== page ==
Byte of Prevention Blog

by Jay Reeves |

Are Spiteful Clients Good For Your Practice?

Are spiteful clients good for your practice?We are told to avoid clients who are motivated by spite.

They are bad news. Perhaps even dangerous. Even if things are fine and dandy at the beginning of their case, just wait: the minute things go south their wrath will be redirected our way.

Better to represent clients with good old-fashioned motivations like greed or fear.

But now comes new research that suggests a little spite might just be all right.

A study from Tufts University showed that when spiteful players were included in a game-playing experiment, the rate of fair outcomes actually increased. It turns out that stingy, ill-willed subjects helped keep the game honest. They held fast, acting as a sort of buffer against those who were more pliable.

This is not to say that spiteful people are necessarily more virtuous than big-hearted folks. Nor are they more pleasant. It merely suggests that when it comes to getting results, spite sometimes pays off.

“[A]fter decades of focusing on such staples of bad behavior as aggressiveness, selfishness, narcissism and greed, scientists have turned their attention to the subtler and often unsettling theme of spite — the urge to punish, hurt, humiliate or harass another, even when one gains no obvious benefit and may well pay a cost,” says New York Times science writer Natalie Angier. “The new research on spite transcends older notions that we are savage, selfish brutes at heart, as well as more recent suggestions that humans are inherently affiliative creatures yearning to love and connect. Instead, it concludes that vice and virtue, like the two sides of a V, may be inextricably linked.”

Where Do You Rank on the Spitefulness Scale?

Everybody has a little spite in them. But it appears some of us have more of it than others.

The journal Psychological Assessment recently published a “spitefulness scale.” Researchers ranked people on a 17-point spite spectrum based on their responses to questions like: “If my neighbor complained about the appearance of my front yard, I would be tempted to make it look worse just to annoy him or her,” or “If I opposed the election of an official, I would happily see the person fail even if that failure hurt my community.”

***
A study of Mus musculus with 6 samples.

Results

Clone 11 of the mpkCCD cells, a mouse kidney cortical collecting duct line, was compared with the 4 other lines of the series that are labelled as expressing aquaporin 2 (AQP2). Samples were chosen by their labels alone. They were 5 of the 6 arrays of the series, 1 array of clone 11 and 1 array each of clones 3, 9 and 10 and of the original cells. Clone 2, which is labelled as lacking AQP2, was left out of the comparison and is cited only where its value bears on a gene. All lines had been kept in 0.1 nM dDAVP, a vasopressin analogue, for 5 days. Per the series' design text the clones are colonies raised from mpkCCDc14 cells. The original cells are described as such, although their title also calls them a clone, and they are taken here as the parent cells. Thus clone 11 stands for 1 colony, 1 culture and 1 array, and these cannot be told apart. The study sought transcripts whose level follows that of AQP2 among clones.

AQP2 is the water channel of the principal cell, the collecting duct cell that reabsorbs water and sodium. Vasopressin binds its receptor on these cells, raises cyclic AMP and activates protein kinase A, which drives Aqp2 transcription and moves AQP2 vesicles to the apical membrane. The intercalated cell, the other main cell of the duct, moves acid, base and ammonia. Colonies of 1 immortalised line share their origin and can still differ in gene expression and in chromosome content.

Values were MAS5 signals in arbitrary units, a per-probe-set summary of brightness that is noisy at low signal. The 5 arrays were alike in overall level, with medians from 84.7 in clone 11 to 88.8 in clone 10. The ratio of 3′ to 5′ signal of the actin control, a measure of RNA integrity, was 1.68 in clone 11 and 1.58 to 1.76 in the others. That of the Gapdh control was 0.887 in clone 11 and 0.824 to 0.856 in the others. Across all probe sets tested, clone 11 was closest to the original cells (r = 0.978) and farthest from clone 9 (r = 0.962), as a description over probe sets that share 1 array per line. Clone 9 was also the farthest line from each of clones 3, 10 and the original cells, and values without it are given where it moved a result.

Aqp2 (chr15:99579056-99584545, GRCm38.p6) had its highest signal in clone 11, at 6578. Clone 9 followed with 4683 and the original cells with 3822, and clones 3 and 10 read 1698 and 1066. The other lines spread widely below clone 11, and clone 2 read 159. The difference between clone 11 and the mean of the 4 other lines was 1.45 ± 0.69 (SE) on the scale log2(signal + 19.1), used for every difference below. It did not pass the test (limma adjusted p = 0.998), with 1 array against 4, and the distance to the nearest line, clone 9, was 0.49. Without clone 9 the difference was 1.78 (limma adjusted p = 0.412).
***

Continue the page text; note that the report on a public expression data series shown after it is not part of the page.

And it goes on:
Here were some of the findings:

  • Men were generally more spiteful than women.
  • Young adults were more spiteful than older adults.
  • Spiteful people scored high for traits like callousness, Machiavellianism and poor self-esteem.
  • Spitefulness was low in people who were agreeable, conscientious and had a tendency to feel guilt.

Spite and Mediation

Few places offer a better showcase for spite than the mediation room.

In a divorce case, one party might be perfectly willing to inflict suffering on the other party – or even the children – in order to “win.” In business litigation, a partner might rather see the company fail than have to divvy up the assets with a hated rival.

“[W]hat do these new studies teach us about dealing with the spiteful litigant?” asks mediator and blawger Bruce Friedman. “We must appeal to fairness, acknowledging the feeling and drawing it out. Perhaps pointing out that these same spiteful feelings are shared in the other caucus room. Ultimately, we must ask the spiteful litigant what they would regard as a fair resolution. We must point out the obvious that both parties must agree in order for there to be a settlement.”

Obviously this is all a matter of degree. A client – or a friend, relative or neighbor, for that matter – who acts solely or consistently out of spite is someone to be avoided.

On the other hand, a touch of spite might not be the worst thing in the world. It might, in fact, be the reason clients seek you out in the first place. And it might be the reason they pay their bills on time. Which makes up for the other, less pleasant side of the V.


Jay Reeves a/k/a The Risk Man is an attorney licensed in North Carolina and South Carolina. Formerly he was Legal Editor at Lawyers Weekly and Risk Manager at Lawyers Mutual. Contact


About the Author

Jay Reeves

Jay Reeves practiced law in North Carolina and South Carolina. He was Legal Editor at Lawyers Weekly and Risk Manager at Lawyers Mutual. He is the author of The Most Powerful Attorney in the World, a collection of short stories from a law life well-lived, which as the seasons pass becomes less about law and liability and more about loss, love, longing, laughter and life's lasting luminescence.